Can a film ever make it to the top when the producer and director part ways? And the hero disowns the film? In the past, when Rajendra Kumar and Rahul Rawail parted ways, everyone thought that the Jubilee Kumar’s son’s (Kumar Gaurav) career would never take off. But LOVE STORY created history and the success of the film silenced all its detractors who were out to pull the film down.
Is JUNG complete? Has Sanjay Dutt dubbed for his portions or has a dubbing artiste done an excellent job? One look at JUNG and all doubts in our mind were put to rest. The film is not a classic, but a decent attempt to present something different. Also, the film is NOT INCOMPLETE, as alleged!
Satish Tandon Productions’ JUNG tells the story of Inspector Veer (Jackie Shroff) and his wife Naina (Raveena Tandon). Their life comes to a standstill when they learn that their only son, Sahil, is suffering from blood cancer. The couple’s only hope is a bone marrow transplant and after a massive search, it is learnt that Sahil’s marrow matches with that of a cold-blooded murderer, Balli (Sanjay Dutt). Balli is the same killer who had been nabbed by Inspector Veer and is now serving a sentence in the jail. When Balli learns of Sahil’s plight, he refuses to give his consent for the operation, but when Naina begs for her son’s life, he relents. The scheming Balli hatches a plot whereby he flees from the operation theatre and lands up in his girl-friend Tara’s (Shilpa Shetty) arms. The Commissioner hands over the case to Inspector Khan (Aditya Panscholi) and instructs him to shoot Balli at pointblank range, rather than arresting him. In the end, Balli has a change of heart after Tara coaxes him to go in for the operation to save the life of Veer’s child.
As far as the plot is concerned, it is indeed different from most of the films attempted in the past. Even the way the subject has been treated is worth a mention. The first few reels, depicting the romantic and family side of Jackie and Raveena, are not too convincing, but with the introduction of Sanjay Dutt’s character in the plot, the drama picks up momentum. His introductory sequence will send the masses into frenzy and the confrontation scene with Jackie is simply outstanding.
The first half, right till the intermission, raises expectations about the second half, but, unfortunately, the expectations are not completely met in the post-interval portions. The screenplay should’ve been equally gripping, but the spate of songs one after the other, is a major deterrent. The songs are not co-related to the story and what’s more, at least two songs ? ‘She Gives Me Fever’ and ‘Bali Di Galli’ ? can easily be deleted from the film. Otherwise, right till the end, the drama sees the participation of all the principal characters and nowhere does one feel the film is incomplete.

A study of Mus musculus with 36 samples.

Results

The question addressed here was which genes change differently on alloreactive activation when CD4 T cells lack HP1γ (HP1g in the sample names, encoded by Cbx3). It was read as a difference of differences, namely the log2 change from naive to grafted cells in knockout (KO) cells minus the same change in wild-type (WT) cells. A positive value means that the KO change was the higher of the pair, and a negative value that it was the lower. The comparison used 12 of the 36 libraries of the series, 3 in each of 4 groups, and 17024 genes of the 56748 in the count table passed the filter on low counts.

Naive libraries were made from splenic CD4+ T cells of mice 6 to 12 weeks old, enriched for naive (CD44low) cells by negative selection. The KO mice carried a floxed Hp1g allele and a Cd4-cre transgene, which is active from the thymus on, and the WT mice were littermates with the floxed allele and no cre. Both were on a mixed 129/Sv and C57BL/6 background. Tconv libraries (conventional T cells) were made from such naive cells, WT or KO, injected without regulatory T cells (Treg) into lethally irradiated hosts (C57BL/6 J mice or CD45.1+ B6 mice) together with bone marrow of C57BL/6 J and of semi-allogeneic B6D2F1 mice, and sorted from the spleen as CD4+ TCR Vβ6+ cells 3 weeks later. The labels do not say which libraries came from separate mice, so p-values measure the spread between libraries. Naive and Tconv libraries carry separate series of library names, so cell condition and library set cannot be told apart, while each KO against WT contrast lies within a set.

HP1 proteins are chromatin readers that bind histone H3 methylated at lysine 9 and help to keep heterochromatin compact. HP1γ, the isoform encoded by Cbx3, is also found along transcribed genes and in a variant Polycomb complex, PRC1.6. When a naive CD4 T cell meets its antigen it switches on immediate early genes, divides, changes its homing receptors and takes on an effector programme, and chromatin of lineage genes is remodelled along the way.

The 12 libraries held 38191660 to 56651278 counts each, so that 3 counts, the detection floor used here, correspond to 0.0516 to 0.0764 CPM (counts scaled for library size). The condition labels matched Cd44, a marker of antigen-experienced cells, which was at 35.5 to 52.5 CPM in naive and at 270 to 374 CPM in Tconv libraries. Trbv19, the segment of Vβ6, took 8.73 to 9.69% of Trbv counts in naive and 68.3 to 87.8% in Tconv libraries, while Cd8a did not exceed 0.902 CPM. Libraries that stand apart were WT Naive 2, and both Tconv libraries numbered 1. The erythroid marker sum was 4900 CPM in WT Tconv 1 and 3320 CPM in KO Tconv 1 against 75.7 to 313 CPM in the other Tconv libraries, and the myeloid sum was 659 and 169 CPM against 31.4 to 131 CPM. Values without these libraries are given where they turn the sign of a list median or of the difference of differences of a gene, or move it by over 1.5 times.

Anu Malik’s musical score is a major letdown. The film has just one hit number ? ‘Aaila Re’ ? and the remaining songs don’t impress at all. The placement of songs is another area where the film suffers. Jackie and Raveena breaking into a family song (flashback) when they learn that their only son is suffering from cancer, is out of context.
The film has violence in abundance. The stunts are very well executed and will surely appeal to those who like to watch gunshots and blood on screen. Cinematography is alright. The background music (Bappi Lahiri) is okay.
Performance-wise, if JUNG belongs to anyone, it is Sanjay Dutt who breathes life into his characterisation. His look is deadly and he carries the most difficult of scenes with aplomb. His performance in this film can be compared to the one in VAASTAV. He is that effective. It is indeed sad that the actor has chosen to disassociate himself from this project, for this role sees him in complete form yet again. Jackie Shroff manages to hold your interest in dramatic portions. Both the heroines ? Raveena Tandon and Shilpa Shetty ? spring a surprise by making their presence felt in a male-dominated show. Raveena impresses a great deal in emotional scenes, while Shilpa is equally competent in a role that was difficult to portray. Aditya Panscholi is effective, but his characterisation is not too well defined. Neeraj Vora’s comedy falls flat.
To sum up, JUNG has face value, ample masala for the masses and of course, ‘Aaila Re’, which is one of the major draws. Besides these aspects, the film has generated tremendous controversy, thereby attracting big publicity. Keeping the above factors in mind and also the fact that the opening has been very encouraging, the film is sure to reach the safety mark. However, trimming the film by at least twenty minutes (deleting the two songs is a must!) will make the second half more gripping and effective, thereby giving a boost to its box-office prospects.